Article: The Parable of the Sower

Newry Cathedral News

The Gospel on Sunday July 16th was the well-known Parable of the Sower (Matthew 13:1-23) 

In this parable, Jesus uses a farming message to illustrate the different ways people receive and respond to the message of God’s kingdom. In the parable, a sower scatters seeds, and the seeds fall on four different types of ground:

Some seeds fall on the hard path, where birds quickly devour them. These represent people who hear the message, but due to their hardened hearts and lack of understanding, the message is easily taken away by distractions and influences.

Other seeds fall on rocky soil with little depth of earth. They spring up quickly but wither away because they have no root. These represent people who receive the message with enthusiasm, but when faced with difficulties or persecution, they abandon their faith.

Some seeds fall among thorns, which grow up and choke the plants. These represent people who receive the message, but the worries of life, the deceitfulness of wealth, and the desires for other things distract them from following God’s word.

Finally, some seeds fall on good soil, where they grow and produce a bountiful harvest. These represent people who hear the message, understand it, and apply it in their lives, resulting in a fruitful and productive spiritual life.

The modern application of the Parable of the Sower remains very relevant today. It highlights the different responses people have to the teachings of God’s kingdom or any valuable life lessons. The main lesson of this story is that it explains that seedthat is sown on poor or less fertile ground produces a poor harvest and most goes to waste whilst the seed that is sown on rich fertile soil produces the best harvest or reward. How many of us have had seed sown, where somebody has reached out to us but we were not receptive and then this opportunity was wasted? How many of us have been the sower, where we reached out to assist someone but were ignored and our attempts fell upon the hard path.

In today’s world, we are bombarded with information from various sources. This overload of informationcauses us to develop spiritual and mental hardening.People may hear spiritual messages, but due to the constant influx of distractions, the message might not penetrate their hearts.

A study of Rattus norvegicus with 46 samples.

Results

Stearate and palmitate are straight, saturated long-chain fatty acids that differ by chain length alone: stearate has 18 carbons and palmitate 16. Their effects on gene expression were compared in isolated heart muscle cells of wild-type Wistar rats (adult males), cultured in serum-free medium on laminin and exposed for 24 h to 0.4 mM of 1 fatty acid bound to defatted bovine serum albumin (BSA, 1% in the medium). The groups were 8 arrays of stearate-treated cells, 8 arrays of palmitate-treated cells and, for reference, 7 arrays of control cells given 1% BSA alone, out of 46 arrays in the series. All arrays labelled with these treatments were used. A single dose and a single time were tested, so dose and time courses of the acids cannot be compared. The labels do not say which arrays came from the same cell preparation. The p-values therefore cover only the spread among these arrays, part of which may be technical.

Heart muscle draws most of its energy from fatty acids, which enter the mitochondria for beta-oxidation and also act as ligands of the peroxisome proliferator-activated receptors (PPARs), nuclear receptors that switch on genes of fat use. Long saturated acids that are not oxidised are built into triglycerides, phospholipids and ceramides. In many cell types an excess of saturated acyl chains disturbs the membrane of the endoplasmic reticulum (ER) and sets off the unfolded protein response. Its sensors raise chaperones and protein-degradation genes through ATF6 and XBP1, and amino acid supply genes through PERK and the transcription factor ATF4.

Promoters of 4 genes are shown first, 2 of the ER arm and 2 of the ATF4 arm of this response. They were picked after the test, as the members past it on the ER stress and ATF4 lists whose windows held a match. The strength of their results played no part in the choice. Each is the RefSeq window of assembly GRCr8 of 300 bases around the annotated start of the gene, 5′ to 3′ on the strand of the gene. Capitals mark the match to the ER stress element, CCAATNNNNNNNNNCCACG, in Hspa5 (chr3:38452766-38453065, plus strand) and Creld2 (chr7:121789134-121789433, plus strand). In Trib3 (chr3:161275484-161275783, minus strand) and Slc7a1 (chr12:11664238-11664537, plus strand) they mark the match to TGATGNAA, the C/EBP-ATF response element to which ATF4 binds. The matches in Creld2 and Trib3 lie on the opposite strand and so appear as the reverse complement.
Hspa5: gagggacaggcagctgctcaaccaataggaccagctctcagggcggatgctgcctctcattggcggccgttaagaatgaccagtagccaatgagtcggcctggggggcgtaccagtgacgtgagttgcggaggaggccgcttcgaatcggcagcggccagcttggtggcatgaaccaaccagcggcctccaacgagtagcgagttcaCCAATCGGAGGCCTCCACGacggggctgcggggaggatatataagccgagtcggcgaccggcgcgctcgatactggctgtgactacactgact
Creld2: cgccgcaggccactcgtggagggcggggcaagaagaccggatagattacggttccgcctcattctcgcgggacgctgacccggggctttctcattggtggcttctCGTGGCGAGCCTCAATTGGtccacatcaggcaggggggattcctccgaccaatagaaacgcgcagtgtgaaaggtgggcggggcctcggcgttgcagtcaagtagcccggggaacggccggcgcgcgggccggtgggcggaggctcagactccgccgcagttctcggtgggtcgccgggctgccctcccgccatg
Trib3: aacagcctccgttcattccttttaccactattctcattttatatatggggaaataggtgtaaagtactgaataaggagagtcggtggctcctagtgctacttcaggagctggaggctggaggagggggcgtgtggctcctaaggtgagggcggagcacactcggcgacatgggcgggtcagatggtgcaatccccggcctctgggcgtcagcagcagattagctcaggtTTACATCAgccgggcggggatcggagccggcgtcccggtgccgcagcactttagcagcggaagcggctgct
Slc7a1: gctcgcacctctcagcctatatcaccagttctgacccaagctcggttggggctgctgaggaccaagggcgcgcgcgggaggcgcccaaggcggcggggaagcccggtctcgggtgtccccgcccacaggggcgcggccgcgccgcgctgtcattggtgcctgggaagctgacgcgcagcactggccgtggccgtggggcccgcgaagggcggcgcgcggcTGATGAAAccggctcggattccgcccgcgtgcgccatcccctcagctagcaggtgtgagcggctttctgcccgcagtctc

Our modern world is a very fast-paced society, with some of us being initially attracted to the initial emotional experience of faith but we sometimes lack deep roots or time to develop an understanding and appreciation of the spiritual truths, resulting in a shallow and unstable faith that withers in times of challenges.

Our material world encourages some to pursue wealth, success, and other worldly desires which canchoke or block spiritual growth. These material distractions draw us away from our spiritual journey due to the pressures of daily life and the desire for more material possessions.

For those among us who invest time in understanding, appreciating and applying the spiritual teachings in our everyday lives experience significant growth in their faith and character. Cultivating a receptive and open heart allows for the message of God’s kingdom to take root and bear abundant spiritual fruit.

Through our everyday life we are encouraged to be mindful of the different responses we may encounter when sharing spiritual truths and to be patient and persistent in nurturing new believers. We must endeavour to reach out beyond the normal to assist, encourage and strengthen our faith and those of our friends, neighbours and family.

Fr Callum Young celebrated the 6:00 p.m. Mass in the Cathedral on Saturday evening the 15th and at the end he delivered bad news to the congregation when he announced that the latest parish changes meant that he was being moved to Dundalk in September. Having been in Newry since just before the COVID-19 pandemic struck in March 2020 Fr Callum has helped prepare the ground and enriched all of our lives. However, he will not be here to see the harvest,he has to move on, as many other priests and religious do all over the years and are tasked to other parishes to help prepare the ground elsewhere and even help with the harvest there as others before him have helped prepare.  

The Parable of the Sower serves as a timeless reminder to us all to be attentive to the condition of our hearts and how we respond to spiritual teachings. It challenges us to cultivate a receptive heart, free from distractions and the entanglements of the world, so that the word of God may take root and flourish in our lives. 

Importantly this parable reminds us of the importance of sowing the message of God’s kingdom in a discerning and compassionate manner, while understanding that people’s responses will vary.